World Water Day 2022 : The OSS pushes for the integrated management of transboundary water resources and the restoration of land and associated ecosystems


In order to celebrate this important day, a side-event on the : “Cooperation framework and integrated management approach for transboundary water resources and the restoration of lands and their associated ecosystems” was organized by the Sahara and Sahel Observatory. This side event is one of the key events celebrating the 30th anniversary of the OSS, which has been actively working, over three decades, for the integrated management of water resources. 

Needless to say that Water plays a crucial role in the development of African countries and in the survival of natural ecosystems. It contributes to meeting social, environmental and economic expectations. Nevertheless, the fairly significant water potential of Africa is so badly apportioned. In fact, there is an Africa of potential water shortage in the North, an Africa of lack of water or the Saharan and sub-Saharan Africa and finally, an Africa of water excess, in the equatorial zone. Thus, nearly 60 million people live in a situation of water scarcity, 258 million in water stress, 365 million in water vulnerability and 120 million in water comfort. In sub-Saharan Africa alone, UNICEF estimated in 2015 that 500 children die every day from lack of safe water and poor sanitation.

More rational management of water resources and associated ecosystems requires access to tools, as well as to reliable data and information.
For this to happen, the OSS has been committed, since its creation in 1992, to supporting the efforts of its member countries in securing and sustainably managing their natural resources at several levels. Its contribution to the improvement of knowledge of surface and groundwater resources, to the design and provision of tools for the planning and management of water resources, as well as its support to policies for their sustainable management, are clear examples of such a commitment. 

Thus, promoting and strengthening methods, techniques and tools for the collection and dissemination of information are a core part of the OSS statutory missions. On the one hand, it is called upon to develop surveillance and monitoring tools for the management of water and natural resources, and on the other hand, to build the capacities of its member countries on technologies for the use and exploitation of Earth Observation products and data.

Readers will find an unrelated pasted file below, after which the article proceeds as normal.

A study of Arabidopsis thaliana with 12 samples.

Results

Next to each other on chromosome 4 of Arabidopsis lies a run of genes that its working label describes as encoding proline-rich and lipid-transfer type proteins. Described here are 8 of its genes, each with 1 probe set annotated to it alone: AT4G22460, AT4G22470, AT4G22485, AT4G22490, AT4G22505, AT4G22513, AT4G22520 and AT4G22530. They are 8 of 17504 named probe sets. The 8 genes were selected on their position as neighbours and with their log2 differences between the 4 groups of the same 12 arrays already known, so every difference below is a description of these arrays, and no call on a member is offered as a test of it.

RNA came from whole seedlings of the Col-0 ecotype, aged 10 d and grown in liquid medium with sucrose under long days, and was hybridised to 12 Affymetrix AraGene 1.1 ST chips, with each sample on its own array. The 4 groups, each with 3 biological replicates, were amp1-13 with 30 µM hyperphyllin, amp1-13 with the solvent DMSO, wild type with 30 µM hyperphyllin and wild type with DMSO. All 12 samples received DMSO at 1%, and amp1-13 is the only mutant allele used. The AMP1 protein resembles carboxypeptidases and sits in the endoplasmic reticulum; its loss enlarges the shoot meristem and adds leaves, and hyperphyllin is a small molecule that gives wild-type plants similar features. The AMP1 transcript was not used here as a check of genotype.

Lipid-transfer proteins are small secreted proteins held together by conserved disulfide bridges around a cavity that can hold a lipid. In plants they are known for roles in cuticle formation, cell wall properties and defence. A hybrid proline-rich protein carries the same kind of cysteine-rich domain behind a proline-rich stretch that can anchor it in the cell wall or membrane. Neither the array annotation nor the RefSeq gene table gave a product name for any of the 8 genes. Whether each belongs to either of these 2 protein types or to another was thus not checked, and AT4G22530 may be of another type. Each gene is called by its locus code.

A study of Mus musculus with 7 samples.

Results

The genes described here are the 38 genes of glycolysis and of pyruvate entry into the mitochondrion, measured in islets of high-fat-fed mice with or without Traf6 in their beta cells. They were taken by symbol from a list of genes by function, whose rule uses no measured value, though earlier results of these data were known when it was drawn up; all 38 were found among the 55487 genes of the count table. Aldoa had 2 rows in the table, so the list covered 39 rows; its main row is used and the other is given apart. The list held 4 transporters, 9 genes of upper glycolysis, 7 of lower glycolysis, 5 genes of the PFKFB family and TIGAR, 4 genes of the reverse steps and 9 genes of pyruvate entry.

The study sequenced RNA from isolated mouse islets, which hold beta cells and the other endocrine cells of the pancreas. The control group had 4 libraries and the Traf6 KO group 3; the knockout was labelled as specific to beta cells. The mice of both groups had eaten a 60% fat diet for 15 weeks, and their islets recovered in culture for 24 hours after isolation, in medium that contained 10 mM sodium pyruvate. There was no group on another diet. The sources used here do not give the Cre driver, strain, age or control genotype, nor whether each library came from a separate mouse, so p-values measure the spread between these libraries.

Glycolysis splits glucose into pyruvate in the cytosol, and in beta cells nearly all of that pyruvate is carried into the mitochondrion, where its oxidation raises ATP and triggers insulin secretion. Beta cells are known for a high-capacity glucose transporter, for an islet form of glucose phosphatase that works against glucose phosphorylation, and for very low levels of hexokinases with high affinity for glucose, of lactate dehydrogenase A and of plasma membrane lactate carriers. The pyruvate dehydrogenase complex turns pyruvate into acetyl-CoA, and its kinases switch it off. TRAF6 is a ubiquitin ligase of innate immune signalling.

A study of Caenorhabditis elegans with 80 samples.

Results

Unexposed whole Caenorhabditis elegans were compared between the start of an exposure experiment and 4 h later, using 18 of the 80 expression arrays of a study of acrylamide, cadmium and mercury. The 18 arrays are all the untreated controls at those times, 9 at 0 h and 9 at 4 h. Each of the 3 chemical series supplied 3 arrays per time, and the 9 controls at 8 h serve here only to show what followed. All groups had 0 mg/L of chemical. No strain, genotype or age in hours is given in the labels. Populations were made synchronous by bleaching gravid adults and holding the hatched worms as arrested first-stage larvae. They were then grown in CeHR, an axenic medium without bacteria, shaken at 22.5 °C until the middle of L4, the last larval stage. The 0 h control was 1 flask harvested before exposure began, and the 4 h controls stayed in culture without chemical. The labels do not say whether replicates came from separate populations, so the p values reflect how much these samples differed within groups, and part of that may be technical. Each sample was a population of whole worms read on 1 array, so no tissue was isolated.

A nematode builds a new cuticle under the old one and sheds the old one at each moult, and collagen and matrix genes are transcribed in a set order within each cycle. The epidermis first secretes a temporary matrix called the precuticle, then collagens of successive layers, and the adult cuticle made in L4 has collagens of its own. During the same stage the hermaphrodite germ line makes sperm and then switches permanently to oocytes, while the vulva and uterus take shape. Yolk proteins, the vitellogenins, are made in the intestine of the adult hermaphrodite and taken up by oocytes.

In this context of unequal distribution of water, exacerbated by the effects of climate change, a more rational management of the resource cannot be achieved without reliable tools and regularly updated data. The improvement of knowledge of the Aquifer Systems of the North Western Sahara (NWSAS), the Tunisian-Libyan plain of Djeffara,  and the Iullemeden-Taoudéni/Tanezrouft (ITTAS), and the establishment of a permanent consultation framework for the management of their water resources, the development of a hydro-economic model for the exploitation of water, capacity building for approximately 2,500 stakeholders of the sector and the 80% increase of the incomes of agricultural producers on pilot sites, are some examples of the results achieved.

Similarly, the "Regional Cooperation for Sustainable Management of Water Resources in the Maghreb" (CREM) Project has contributed to the IWRM promotion, the exchange of good practices between the countries (JOSSOUR Platform, "Expert 'O“ Network), the awareness-raising of young people (Master Class, Young Parliamentarians) on water scarcity challenges.

The multiple approaches developed by the OSS, together with the local key players, are all centered around a « basin awareness » common concept. 
These approaches rely particulary on remote sensing (mapping, dynamic monitoring and evaluation of natural resources and developments based on satellite images), modeling and trans-boundary diagnostic analysis of the aquifer systems.

The example of irrigated perimeters actual cover is really helpful. The contribution of satellite data information to the natural resources monitoring is, at this level, unarguable ; especially when keeping in mind the costly field visits for data collection over large areas. In this regard, the OSS is, first of all, committed to supporting the efforts of member countries through methodological and technical approaches for the mapping and dynamic monitoring of irrigated perimeters, and thus, to estimating water withdrawals for agricultural use from satellite images.